Symptoms that may happen with nipple discharge:
- Fever or body aches
- Breast pain or discomfort
- A swollen breast or nipple
- A change in breast shape
- A change in nipple shape or color
- Swollen lymph nodes under your arms
Contact your healthcare provider if:
- You have a fever.
- You have more breast discharge or it changes color.
- You have new or worsening breast pain.
- You have questions or concerns about your condition or care.
Treatment for nipple discharge
will depend on what has caused it. Medicines that cause nipple discharge may be stopped or changed. You may need antibiotics if your nipple discharge is caused by a bacterial infection. You may also need medicine to control your hormone levels.
- NSAIDs , such as ibuprofen, help decrease swelling, pain, and fever. This medicine is available with or without a doctor's order. NSAIDs can cause stomach bleeding or kidney problems in certain people. If you take blood thinner medicine, always ask your healthcare provider if NSAIDs are safe for you. Always read the medicine label and follow directions.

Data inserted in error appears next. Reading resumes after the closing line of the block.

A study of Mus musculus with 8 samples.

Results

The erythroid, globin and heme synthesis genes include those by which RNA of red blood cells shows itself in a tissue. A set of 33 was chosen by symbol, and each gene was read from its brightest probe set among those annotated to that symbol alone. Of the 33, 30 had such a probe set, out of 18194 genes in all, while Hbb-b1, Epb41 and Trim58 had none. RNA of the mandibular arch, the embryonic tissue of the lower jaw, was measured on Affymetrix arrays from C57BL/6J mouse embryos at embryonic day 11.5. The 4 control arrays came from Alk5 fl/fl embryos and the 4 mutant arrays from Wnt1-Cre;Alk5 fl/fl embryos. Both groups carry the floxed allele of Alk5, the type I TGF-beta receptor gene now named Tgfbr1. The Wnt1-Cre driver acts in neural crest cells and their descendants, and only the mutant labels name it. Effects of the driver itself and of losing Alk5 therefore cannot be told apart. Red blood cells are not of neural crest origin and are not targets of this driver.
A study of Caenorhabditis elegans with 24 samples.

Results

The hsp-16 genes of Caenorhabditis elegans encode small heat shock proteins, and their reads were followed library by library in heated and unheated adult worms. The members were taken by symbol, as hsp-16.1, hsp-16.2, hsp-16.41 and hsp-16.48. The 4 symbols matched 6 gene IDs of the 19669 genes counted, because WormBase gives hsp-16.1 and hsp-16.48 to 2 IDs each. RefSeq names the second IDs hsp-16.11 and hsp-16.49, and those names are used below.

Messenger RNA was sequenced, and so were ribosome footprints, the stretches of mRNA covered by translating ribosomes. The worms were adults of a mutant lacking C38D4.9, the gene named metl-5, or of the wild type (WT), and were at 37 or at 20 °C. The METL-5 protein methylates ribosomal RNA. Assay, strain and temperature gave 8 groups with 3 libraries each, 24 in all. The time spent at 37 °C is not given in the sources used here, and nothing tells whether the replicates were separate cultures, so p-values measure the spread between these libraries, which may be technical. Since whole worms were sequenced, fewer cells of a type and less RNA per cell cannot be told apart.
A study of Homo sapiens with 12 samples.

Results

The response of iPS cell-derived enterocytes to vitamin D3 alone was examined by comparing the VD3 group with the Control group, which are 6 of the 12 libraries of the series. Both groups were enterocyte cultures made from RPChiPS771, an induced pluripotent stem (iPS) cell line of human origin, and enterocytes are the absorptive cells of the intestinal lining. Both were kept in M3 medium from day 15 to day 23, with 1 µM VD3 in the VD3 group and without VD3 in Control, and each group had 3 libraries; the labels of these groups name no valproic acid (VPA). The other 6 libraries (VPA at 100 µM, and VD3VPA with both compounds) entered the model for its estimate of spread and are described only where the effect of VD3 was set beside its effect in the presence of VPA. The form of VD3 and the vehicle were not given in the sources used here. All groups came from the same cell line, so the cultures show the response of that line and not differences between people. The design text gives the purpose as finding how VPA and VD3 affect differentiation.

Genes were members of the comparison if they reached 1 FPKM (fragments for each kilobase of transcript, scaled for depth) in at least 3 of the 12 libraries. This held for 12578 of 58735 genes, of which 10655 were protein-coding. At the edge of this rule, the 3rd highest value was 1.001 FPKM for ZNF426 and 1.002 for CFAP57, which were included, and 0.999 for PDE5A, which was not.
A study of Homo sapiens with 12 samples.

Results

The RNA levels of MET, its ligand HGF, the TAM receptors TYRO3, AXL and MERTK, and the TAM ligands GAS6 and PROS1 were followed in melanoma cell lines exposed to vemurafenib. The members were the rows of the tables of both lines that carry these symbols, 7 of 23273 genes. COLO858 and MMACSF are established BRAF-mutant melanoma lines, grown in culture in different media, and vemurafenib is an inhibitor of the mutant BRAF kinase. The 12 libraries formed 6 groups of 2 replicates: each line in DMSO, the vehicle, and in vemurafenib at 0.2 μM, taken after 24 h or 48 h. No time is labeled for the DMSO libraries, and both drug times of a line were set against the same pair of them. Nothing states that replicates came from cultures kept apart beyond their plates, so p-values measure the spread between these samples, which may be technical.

- Take your medicine as directed. Contact your healthcare provider if you think your medicine is not helping or if you have side effects. Tell him of her if you are allergic to any medicine. Keep a list of the medicines, vitamins, and herbs you take. Include the amounts, and when and why you take them. Bring the list or the pill bottles to follow-up visits. Carry your medicine list with you in case of an emergency.
- Avoid touching your breasts or nipples. This may stop or decrease nipple discharge.
- Wear a tight-fitting bra during exercise. This may prevent your nipples from rubbing against clothing or leaking fluid.
Follow up with your healthcare provider as directed:
You may need to return for more tests. Write down your questions so you remember to ask them during your visits.
Always consult your healthcare provider to ensure the information displayed on this page applies to your personal circumstances.